Examination of witnesses (Questions 392-399)|
TUESDAY 13 FEBRUARY 2001
392. Good morning. Would you like to start by
making a brief comment?
(Mr Scorer) We would like to take a minute
just to outline where Consumers' Association is coming from and
why. We always start from the position that water is a unique
resource; essential for life and public health; it is an essential
consumer service; it has no substitute and we know that consumers
have a particular regard for it.
393. It also whets the whistle so if you would
speak a little louder, it would help!
(Mr Scorer) The other issue, in particular with regard
to the Bill, is that we are aware that competition and restructure
present a fundamental challenge to the industry, and the pace
of that change is as fundamental as the nature of the change.
We think the Bill, as it stands, is inadequate to that challenge
and we would particularly like to see the government convene a
water summit as soon after it publishes its paper on competition
as possible to establish the parameters for competition and restructure
and to set out, in particular, the social safeguards that will
be required for groups who may be vulnerable from the introduction
of competition to water supply.
394. That is all very worthy but what sort of
information, for example, do you think the Bill as it is currently
drafted would prevent the Consumer Council from disclosing?
(Mr Scorer) We have two sets of concerns about the
powers of the Consumer Council to publish; one is general and
one is specific. The general one is that we feel the restrictions
on the Consumer Council's ability to publish are far too tightly
drawn. The balance between the rights of companies and Consumer
Council is unbalanced. In particular the idea that there is this
test on substantial and prejudicial effect that the Consumer Council
would have to decide upon will inhibit the Council from publishing
anything. The idea that we have a Consumer Council that feels
constrained from having a substantial effect on the actions of
customers where it sees those actions as being detrimental is
not one that sits very happily. We do have a list of 27 areas
where we feel the Consumer Council may find it difficult to publish
and we are happy to submit that, but I will mention two particular
areas in general. One concerns the consequences of competitive
markets: will the Consumer Council be able to publish information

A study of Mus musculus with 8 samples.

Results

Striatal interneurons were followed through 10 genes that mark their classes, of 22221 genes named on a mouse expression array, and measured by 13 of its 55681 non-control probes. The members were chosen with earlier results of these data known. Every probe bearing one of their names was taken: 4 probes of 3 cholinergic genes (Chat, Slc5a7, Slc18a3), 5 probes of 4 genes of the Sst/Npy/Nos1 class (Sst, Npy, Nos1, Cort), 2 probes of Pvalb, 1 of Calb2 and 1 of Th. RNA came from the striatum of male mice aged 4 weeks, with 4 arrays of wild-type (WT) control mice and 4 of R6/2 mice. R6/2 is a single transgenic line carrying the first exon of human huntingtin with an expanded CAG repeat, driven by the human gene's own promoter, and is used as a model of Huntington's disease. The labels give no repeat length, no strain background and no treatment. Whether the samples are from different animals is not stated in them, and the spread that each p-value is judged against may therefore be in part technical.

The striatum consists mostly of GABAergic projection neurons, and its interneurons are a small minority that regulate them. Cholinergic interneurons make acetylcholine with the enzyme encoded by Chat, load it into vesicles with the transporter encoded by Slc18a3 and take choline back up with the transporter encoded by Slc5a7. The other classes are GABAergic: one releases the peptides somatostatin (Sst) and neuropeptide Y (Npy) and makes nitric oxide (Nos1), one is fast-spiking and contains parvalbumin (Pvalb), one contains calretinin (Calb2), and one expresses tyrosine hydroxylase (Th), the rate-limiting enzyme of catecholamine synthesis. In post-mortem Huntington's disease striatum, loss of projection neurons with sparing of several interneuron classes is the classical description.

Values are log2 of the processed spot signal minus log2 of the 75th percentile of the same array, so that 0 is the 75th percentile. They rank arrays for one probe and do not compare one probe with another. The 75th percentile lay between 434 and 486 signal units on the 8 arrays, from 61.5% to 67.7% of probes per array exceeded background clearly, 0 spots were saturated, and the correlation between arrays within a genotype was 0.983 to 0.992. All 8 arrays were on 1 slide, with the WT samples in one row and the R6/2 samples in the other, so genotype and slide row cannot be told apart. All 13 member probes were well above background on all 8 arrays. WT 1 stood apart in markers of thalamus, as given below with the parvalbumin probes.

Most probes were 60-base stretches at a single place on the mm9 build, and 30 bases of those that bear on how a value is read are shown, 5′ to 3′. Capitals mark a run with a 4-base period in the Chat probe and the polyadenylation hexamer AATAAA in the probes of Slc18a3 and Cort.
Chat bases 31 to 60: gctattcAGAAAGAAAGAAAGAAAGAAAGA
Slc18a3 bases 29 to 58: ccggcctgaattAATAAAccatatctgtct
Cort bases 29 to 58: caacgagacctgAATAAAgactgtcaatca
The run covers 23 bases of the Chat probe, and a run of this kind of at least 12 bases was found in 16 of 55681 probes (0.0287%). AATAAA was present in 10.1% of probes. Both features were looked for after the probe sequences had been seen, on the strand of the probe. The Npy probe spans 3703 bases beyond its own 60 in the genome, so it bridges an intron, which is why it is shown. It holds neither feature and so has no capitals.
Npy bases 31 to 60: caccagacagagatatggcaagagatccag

about the transfer of consumers, switching data of the policy
issues on marketing, of doorstep selling
395. Because you think those would be regarded
as commercially sensitive, is that what you are saying?
(Mr Scorer) If the Consumer Council has to start from
the position of either needing the consent of the company or seeing
whether the information will do substantial harm in a competitive
market place or whether the information is available elsewhere,
I would have to think as a body that that is a significant constraint
on your ability to put it out. As a general result, therefore,
what we would like to see the Bill have on the face is a general
duty on the Consumer Council to publish information it believes
to be in the consumer interest and that should be the starting
point. Any issue of dispute could probably be appealed to the
Information Commissioner or a similar body, but we think that
is where the Bill should start from as its premise.
396. That would require a little delicate dancing
over the line of what was commercially sensitive, would it not?
(Mr Scorer) It is a fraught area.
397. Whereas you and I might agree what is useful
information to protect the consumer, a company that is in competition
with a similar sized company might regard that as damaging to
its general interest?
(Ms Darcy) We are concerned that the Bill as currently
drafted would give companies who wish to seek it a blanket excuse
not to publish information. What we are hoping for in the Bill
is more of a situation such as you have in the United States,
which I know for some people may seem as if it is leading to over-disclosure
but where the burden of proof is reversed so the company, rather
than individual consumers and consumer organisations, has to prove
that publication would lead to problems and where the company
has had to provide specific examples of competitive harm. If they
are under that duty, they will find it far more difficult to block
398. And you will let us have the 27 points?
(Mr Scorer) Yes.
399. Exploring this a little bit more, as I
understand it, Clause 31 of the Bill says that it is for the Council
itself to determine whether release would seriously or prejudicially
affect the individuals or the body. In other words, it is not
an external decision imposed on the Councilthe Council
can take its own decision, so why do you think it is going to
feel so constrained when it has the power to make its own decision?
Presumably, if it says, "We do not think this is going to
prejudice substantially", therefore we will not release it.
(Mr Scorer) The first issue is should the Council
feel constrained from publishing information just because it has
a serious impact on the interests of other companies. If it has
information that the consumer should have access to, maybe that
is information that should have an effect on the standing of the
company. More generally, we think the Bill would be better framed
if you start from this general presumption that the duty of the
Council is there to provide information which will assist the
consumer, in particular in a competitive environment but in the
present environment as well. We think, therefore, that it is wrongly
framed from the start but also that the test is far too stringent
for substantial and serious projects.